Vicky Pryce was today accused of cooking up a story with a barrister friend to protect her from prosecution by saying she had been bullied into accepting speeding points by her ex-husband Chris Huhne, the disgraced MP.
The court was told that Ms Pryce, 60, took legal advice and requested “added legal protection” before revealing the point-swapping crime to the media in an act of revenge after Huhne ended their 26-year marriage.
Emails between Pryce and the political editor of the Sunday Times revealed she was taking advice from Constance Briscoe – a part-time judge who was also a neighbour – while a contract was drawn up before she went public with the claims. In one email, Ms Pryce said she was considering changing the wording because of fears of repercussions against her, the court heard.
“The point re the “pressurised” is to give me added legal protection,” she wrote to journalist Isabel Oakeshott two days before the story first ran in the newspaper. She sent another email a day later and said Ms Briscoe was “relaxed” about the contract and it did not need major changes, Southwark Crown Court was told. “You and her [Ms Briscoe] have cooked up a dishonest defence for you, that’s right?” said prosecutor Andrew Edis, QC. “No, it’s not right,” she said.
The court earlier heard Ms Briscoe – a best-selling writer – was arrested and is under police investigation for allegedly lying in a statement about her links with the media. She was also dropped as a witness in the case.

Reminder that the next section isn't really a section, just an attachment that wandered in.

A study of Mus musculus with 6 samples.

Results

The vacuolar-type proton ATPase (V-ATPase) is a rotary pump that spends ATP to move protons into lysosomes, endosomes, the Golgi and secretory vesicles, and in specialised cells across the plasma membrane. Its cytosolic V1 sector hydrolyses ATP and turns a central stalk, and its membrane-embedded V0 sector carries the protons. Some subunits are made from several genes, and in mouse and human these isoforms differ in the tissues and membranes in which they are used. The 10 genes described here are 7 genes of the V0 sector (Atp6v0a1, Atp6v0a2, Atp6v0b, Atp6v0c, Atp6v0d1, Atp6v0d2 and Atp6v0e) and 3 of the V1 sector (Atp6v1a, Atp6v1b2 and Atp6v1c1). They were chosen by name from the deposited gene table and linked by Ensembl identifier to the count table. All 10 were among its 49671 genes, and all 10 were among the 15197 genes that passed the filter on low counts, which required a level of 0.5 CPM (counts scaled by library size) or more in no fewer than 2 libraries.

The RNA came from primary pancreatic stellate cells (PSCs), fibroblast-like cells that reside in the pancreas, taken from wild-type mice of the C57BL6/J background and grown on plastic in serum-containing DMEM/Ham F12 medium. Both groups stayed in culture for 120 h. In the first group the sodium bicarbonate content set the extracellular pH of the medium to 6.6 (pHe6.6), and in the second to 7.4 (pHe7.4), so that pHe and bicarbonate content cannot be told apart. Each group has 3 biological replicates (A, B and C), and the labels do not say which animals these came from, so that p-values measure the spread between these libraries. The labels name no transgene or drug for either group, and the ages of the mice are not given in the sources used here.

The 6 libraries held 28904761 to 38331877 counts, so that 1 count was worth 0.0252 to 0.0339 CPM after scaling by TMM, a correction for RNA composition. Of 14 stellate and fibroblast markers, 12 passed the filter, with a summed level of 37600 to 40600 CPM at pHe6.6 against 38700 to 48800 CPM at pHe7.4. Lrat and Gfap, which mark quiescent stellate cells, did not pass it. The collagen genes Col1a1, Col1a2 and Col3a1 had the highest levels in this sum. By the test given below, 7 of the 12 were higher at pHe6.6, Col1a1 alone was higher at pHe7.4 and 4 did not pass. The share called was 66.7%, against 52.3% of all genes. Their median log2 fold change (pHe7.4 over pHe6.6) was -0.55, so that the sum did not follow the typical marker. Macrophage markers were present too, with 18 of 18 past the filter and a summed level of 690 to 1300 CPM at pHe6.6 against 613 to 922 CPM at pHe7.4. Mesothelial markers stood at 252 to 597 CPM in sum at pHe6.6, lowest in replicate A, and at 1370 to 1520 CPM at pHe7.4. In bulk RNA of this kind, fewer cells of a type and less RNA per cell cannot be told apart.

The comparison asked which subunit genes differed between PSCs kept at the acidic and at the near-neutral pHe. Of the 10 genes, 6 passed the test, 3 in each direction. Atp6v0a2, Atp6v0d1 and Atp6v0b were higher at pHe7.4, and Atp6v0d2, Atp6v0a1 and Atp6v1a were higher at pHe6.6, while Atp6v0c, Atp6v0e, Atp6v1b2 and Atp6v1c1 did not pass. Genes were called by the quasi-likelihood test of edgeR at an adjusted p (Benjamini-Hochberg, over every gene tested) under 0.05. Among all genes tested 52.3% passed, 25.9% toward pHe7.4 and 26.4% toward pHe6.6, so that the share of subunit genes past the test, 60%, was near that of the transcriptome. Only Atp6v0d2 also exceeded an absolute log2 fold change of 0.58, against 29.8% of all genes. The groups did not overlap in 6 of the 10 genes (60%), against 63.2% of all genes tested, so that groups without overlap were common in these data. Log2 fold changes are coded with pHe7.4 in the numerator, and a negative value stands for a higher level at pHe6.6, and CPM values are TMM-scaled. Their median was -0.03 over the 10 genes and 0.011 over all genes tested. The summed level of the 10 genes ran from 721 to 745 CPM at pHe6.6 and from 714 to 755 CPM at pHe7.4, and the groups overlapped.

Ms Pryce accepts she took the points for her ex-husband after Huhne was caught by a speeding camera in March 2003 and faced a driving ban, but denies perverting the course of justice. She claims she was bullied by Huhne into taking the points and is claiming the defence of “marital coercion”. Ms Pryce, an economist, has told the court she felt she had no choice but to sign police forms nominating her as the driver after she was called to the hallway of their London home by Huhne who stood with a pen in his hand and demanded she signed.
“You never told anybody at all when you were giving your story to people about the incident in the hallway with the pen, did you?” Mr Edis asked. Ms Pryce said she had not told anyone as it was “embarrassing” and not vital to the story. “In my mind, it meant if you are the victim of doing something you don’t want to do under pressure, then you haven’t necessarily committed a crime.”
The court heard Ms Pryce did not comment in police interviews. Mr Edis said: “If you are telling the truth now the only sensible course was to tell the police then – you didn’t and that’s because you are not telling the truth now.” She said: “That’s not the case, I took advice from my lawyers.”
Huhne last month pleaded guilty to perverting the course of justice and resigned as MP for Eastleigh. He will be sentenced later. The case continues.